Pulling an ‘Anne’

I write. The only stuff I’ve ever really put out there for people to see are freelance articles for HubPages, but I do write fiction, and do have aspirations to be published someday. But even having written and made public what I have, I know what it’s like to get reviews, comments, and yes, negative criticism.

However, no matter how bad the criticism, I know better than to respond to it like this.

I admit, I’ve responded to some commentary with disagreements to their disagreement, but I at least try to keep my cool and elaborate on my points without flipping a bitch and telling people, like Jacqueline Howett did, to “fuck off.”

This reaction is what I tend to call “pulling an Anne,” so named after Anne Rice’s infamous flip-out at people who reviewed Blood Canticle negatively on Amazon, where she told them that they just didn’t get her writing, that she didn’t write it for them, and that she’s too good for an editor and never lets a single word of her work be changed by hands other than her own.

Most authors accept the fact that not everybody’s going to like their work, know that negative reviews happen, and even though it may bother them, they know it isn’t the end of the world. Most good authors know that their works are never perfect, and that there’s always room for improvement, and don’t tend to put their feet in their mouths by saying that every word they write is perfection and that nothing could be better.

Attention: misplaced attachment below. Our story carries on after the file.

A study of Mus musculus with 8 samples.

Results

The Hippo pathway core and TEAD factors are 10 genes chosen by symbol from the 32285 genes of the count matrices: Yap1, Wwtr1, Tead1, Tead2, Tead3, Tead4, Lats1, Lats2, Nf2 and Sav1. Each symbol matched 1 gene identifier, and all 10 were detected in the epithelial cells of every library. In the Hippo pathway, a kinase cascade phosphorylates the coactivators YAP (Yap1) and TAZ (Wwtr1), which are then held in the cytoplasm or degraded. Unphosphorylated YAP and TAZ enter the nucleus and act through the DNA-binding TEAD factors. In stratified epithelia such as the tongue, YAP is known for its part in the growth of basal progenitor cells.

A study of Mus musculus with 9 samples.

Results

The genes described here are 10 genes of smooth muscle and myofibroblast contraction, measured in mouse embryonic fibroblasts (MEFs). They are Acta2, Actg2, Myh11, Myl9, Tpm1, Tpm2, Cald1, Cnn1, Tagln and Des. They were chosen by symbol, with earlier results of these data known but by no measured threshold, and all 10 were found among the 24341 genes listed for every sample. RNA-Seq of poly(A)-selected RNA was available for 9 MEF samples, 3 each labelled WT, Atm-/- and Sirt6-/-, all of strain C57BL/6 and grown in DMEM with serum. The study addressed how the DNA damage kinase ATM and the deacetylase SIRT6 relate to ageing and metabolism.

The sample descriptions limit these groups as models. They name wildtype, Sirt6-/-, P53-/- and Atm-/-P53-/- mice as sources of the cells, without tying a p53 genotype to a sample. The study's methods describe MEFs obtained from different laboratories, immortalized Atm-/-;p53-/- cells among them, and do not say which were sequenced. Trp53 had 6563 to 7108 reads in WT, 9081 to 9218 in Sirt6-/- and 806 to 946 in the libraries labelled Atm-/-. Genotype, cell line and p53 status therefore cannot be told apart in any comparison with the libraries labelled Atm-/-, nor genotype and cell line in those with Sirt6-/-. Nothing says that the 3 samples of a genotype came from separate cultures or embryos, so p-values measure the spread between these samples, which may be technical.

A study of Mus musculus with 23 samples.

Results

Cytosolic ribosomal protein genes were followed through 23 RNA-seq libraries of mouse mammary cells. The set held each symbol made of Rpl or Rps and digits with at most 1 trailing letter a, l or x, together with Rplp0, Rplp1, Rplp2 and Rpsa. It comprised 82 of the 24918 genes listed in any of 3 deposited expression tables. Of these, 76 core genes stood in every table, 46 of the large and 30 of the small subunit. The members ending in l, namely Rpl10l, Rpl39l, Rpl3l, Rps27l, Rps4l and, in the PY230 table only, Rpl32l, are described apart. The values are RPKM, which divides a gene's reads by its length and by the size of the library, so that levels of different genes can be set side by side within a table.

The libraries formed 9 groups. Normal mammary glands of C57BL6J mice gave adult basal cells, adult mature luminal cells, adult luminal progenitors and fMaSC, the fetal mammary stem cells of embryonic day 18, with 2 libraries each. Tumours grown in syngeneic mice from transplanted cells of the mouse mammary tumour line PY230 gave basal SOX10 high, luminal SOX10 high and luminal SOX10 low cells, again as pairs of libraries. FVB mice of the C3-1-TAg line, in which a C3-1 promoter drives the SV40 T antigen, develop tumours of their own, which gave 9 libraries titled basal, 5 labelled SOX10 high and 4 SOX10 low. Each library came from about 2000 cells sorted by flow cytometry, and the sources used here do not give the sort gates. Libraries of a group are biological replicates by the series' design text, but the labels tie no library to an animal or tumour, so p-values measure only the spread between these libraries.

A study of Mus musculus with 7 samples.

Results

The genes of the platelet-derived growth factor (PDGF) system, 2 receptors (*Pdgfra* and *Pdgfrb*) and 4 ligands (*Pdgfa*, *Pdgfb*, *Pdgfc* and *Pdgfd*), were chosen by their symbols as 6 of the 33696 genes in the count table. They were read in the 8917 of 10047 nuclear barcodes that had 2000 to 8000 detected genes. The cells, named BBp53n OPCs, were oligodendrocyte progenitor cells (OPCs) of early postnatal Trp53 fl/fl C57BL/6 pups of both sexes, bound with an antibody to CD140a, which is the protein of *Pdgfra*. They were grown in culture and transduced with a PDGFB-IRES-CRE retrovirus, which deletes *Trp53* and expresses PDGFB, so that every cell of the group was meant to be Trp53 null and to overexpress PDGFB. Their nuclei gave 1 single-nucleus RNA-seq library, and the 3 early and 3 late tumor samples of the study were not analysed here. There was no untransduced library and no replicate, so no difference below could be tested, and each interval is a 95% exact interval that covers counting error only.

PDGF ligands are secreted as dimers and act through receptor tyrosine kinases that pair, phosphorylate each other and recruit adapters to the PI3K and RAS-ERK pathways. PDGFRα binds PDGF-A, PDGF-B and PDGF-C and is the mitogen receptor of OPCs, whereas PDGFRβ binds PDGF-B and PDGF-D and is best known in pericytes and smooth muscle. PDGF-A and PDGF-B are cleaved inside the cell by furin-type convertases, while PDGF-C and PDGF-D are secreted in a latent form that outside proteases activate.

Jacqueline Howlett pulled an Anne. She replied to reviews that suggested her work wasn’t spectacular, and with good cause, and she flipped out and dared to tell people that they have no right to their opinions if they don’t mesh with her own.

When authors do this, it makes me think twice about ever reading what they do. If I’ve read them before, I tend not to want to continue supporting them if they really think themselves so high and mighty as to act that way to the people who essentially support their way of living. If I haven’t read their work before, I make a point of not doing so after witnessing that. I don’t want to support them. I don’t want to support the kind of people who spit on their benefactors, who insist that they’re King Shit and that nothing anybody says against them is valid.

If and when the time comes that I get a book on the store shelves, I’ll have to take my lumps when people don’t like what I write. Nobody can please everybody. But you shoot yourself in the foot by doing what Rice did, what Howett did, and you hurt nobody so much as yourself, because you alienate people who could have helped you, you make yourself look like a jerk, and you make others think twice about helping you with anything.

To all the authors who are mature enough to take their lumps without flipping out and swearing at their readers, I salute you. To the authors who understand that good and bad will both come and who accept that as a fact of art, I support you. To all the writers who appreciate the fact that bloggers don’t have to take the time to read and review what you wrote but they do anyway, I love you all!

2 comments on “Pulling an ‘Anne’

  1. P.S. I'm currently still reading the author's rant in the comments from the review you linked to. The typos in her comments are bad enough, let alone what Al found in the book! She's just digging herself deeper and deeper!